Benchmark futures in London will average $105 a barrel in second quarter, bank says
Goldman Sachs Group raised its oil-price forecasts as an increase in production by Saudi Arabia and supply halts in Libya reduce OPEC’s ability to make up for further disruptions.
Benchmark futures in London will average $105 a barrel in the second quarter of the year, up $4.50 from Goldman’s previous estimate, the bank said in a report dated on Monday. It raised its forecast for New York oil by the same amount to $99 a barrel. The Organisation of Petroleum Exporting Countries, whose 12 members pump about 40 percent of the world’s crude, has idle capacity of less than 2 million barrels a day, down from 3 million in December, the bank said.
“The real risk is that the remaining spare capacity cannot accommodate an escalation in disruption,” analysts led by David Greely in New York wrote in the report. “The current developments in Libya have therefore brought forward the drawdown of OPEC spare capacity by about six months.”
Oil has jumped 23 percent on the New York Mercantile Exchange since anti-government protests began Feb. 15 in Libya, cutting exports from OPEC’s ninth biggest producer. The contract for April delivery traded around $104 a barrel on Tuesday. Brent crude on the London-based ICE Futures Europe exchange, which climbed to $119.79 on Feb. 24, the highest since August 2008, traded below $114.
Libya, which holds the largest crude reserves in Africa, pumped 1.59 million barrels a day in January, according to a Bloomberg survey of producers and analysts. The country has lost about 1 million barrels a day of production and Saudi Arabia is “the only country” with enough spare capacity to offset the loss, Goldman said.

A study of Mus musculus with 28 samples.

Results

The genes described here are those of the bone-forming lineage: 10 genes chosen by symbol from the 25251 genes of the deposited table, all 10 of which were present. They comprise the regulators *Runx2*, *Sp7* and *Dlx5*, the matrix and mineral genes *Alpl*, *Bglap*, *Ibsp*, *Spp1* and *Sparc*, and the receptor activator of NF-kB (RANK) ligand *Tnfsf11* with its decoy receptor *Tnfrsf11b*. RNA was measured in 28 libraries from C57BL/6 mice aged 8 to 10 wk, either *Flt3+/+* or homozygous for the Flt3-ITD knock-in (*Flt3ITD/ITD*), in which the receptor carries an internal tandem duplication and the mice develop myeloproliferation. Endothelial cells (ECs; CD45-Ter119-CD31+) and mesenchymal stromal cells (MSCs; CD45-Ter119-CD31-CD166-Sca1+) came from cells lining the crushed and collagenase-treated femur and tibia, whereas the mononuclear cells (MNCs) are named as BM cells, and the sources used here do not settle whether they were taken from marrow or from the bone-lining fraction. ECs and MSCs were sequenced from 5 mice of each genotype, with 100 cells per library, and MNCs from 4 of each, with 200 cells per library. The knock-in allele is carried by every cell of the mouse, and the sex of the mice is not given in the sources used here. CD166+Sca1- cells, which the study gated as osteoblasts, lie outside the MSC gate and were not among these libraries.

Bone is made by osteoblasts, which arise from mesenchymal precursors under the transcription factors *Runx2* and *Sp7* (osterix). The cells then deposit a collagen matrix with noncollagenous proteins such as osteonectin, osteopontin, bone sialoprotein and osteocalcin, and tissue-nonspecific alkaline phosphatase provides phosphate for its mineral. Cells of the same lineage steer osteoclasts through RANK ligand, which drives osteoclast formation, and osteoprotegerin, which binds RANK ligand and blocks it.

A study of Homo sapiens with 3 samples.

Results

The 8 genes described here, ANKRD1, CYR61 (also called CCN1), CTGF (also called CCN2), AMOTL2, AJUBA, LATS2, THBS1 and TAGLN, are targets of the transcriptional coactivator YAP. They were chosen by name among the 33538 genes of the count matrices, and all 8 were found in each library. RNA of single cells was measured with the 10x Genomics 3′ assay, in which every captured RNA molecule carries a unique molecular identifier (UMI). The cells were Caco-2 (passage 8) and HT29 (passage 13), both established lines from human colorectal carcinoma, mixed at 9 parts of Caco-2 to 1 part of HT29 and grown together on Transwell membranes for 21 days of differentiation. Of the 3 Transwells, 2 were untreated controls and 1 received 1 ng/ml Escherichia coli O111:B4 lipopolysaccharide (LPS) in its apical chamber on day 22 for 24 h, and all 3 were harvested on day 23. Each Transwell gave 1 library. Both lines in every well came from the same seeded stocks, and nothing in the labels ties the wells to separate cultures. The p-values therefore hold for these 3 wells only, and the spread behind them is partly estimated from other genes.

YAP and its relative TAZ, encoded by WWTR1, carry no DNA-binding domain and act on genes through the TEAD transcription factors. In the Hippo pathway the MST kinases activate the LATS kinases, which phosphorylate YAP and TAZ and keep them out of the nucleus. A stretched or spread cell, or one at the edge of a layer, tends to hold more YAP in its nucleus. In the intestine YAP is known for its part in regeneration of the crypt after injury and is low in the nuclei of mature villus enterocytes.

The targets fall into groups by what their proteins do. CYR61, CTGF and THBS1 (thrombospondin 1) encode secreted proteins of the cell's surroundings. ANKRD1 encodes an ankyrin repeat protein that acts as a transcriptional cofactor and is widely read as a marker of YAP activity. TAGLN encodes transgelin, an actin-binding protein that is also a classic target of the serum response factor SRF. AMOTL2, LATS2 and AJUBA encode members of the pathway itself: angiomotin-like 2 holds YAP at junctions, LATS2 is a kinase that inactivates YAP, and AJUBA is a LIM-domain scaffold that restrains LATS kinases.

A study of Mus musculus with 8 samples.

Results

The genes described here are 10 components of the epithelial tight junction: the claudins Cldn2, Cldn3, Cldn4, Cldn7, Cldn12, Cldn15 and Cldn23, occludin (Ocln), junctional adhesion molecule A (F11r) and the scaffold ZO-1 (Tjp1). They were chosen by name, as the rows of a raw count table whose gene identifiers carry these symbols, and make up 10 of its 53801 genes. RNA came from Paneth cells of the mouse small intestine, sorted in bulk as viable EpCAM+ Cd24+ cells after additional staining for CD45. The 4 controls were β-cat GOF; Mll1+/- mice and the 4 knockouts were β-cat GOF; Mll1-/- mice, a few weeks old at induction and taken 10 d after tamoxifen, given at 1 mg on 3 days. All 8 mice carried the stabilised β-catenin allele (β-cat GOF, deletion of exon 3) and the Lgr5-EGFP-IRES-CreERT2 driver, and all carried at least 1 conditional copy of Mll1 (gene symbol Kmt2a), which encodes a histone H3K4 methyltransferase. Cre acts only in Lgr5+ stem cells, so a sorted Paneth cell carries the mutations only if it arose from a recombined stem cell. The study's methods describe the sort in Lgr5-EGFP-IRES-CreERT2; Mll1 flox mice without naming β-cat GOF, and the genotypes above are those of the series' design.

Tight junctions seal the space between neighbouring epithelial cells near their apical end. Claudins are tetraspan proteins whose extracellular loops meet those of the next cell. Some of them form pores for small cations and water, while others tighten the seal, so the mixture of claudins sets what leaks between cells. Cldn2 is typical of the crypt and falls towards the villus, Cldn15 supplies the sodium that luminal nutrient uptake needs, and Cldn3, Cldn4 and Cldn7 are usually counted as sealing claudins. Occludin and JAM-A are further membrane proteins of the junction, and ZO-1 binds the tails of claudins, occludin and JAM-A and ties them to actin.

Saudi Arabia, the world’s largest crude exporter, is producing more than 9 million barrels a day, or 700,000 barrels above the official figure for January, according to Goldman. While the kingdom has said it is ready to compensate losses from Libya, it probably raised output “significantly” before the turmoil in North Africa began, the bank said.
Goldman reiterated its view that the risk of violence spreading to countries in the Gulf Cooperation Council remains low. The group comprises Bahrain, Kuwait, Oman, Qatar, Saudi Arabia and the UAE.
“There are a number of economies with similar traits to Libya that could be susceptible to contagion, including Algeria, Syria and, in an extreme case, maybe even Iran,” the bank said. “There is currently a $10-a-barrel contagion risk premium priced in, reflecting the fear that unrest may spread to other oil production countries in the region.”
Demonstrations in Libya were ignited by the January 14 ouster of Tunisia’s president Zine El Abidine Ben Ali and fanned by the fall of Egyptian President Hosni Mubarak on February 11. Disturbances have also spread to Algeria, Bahrain, Iran, Yemen and Oman.
Websites have called for a nationwide “Day of Rage” in Saudi Arabia on March 11 and March 20, according to New York-based Human Rights Watch.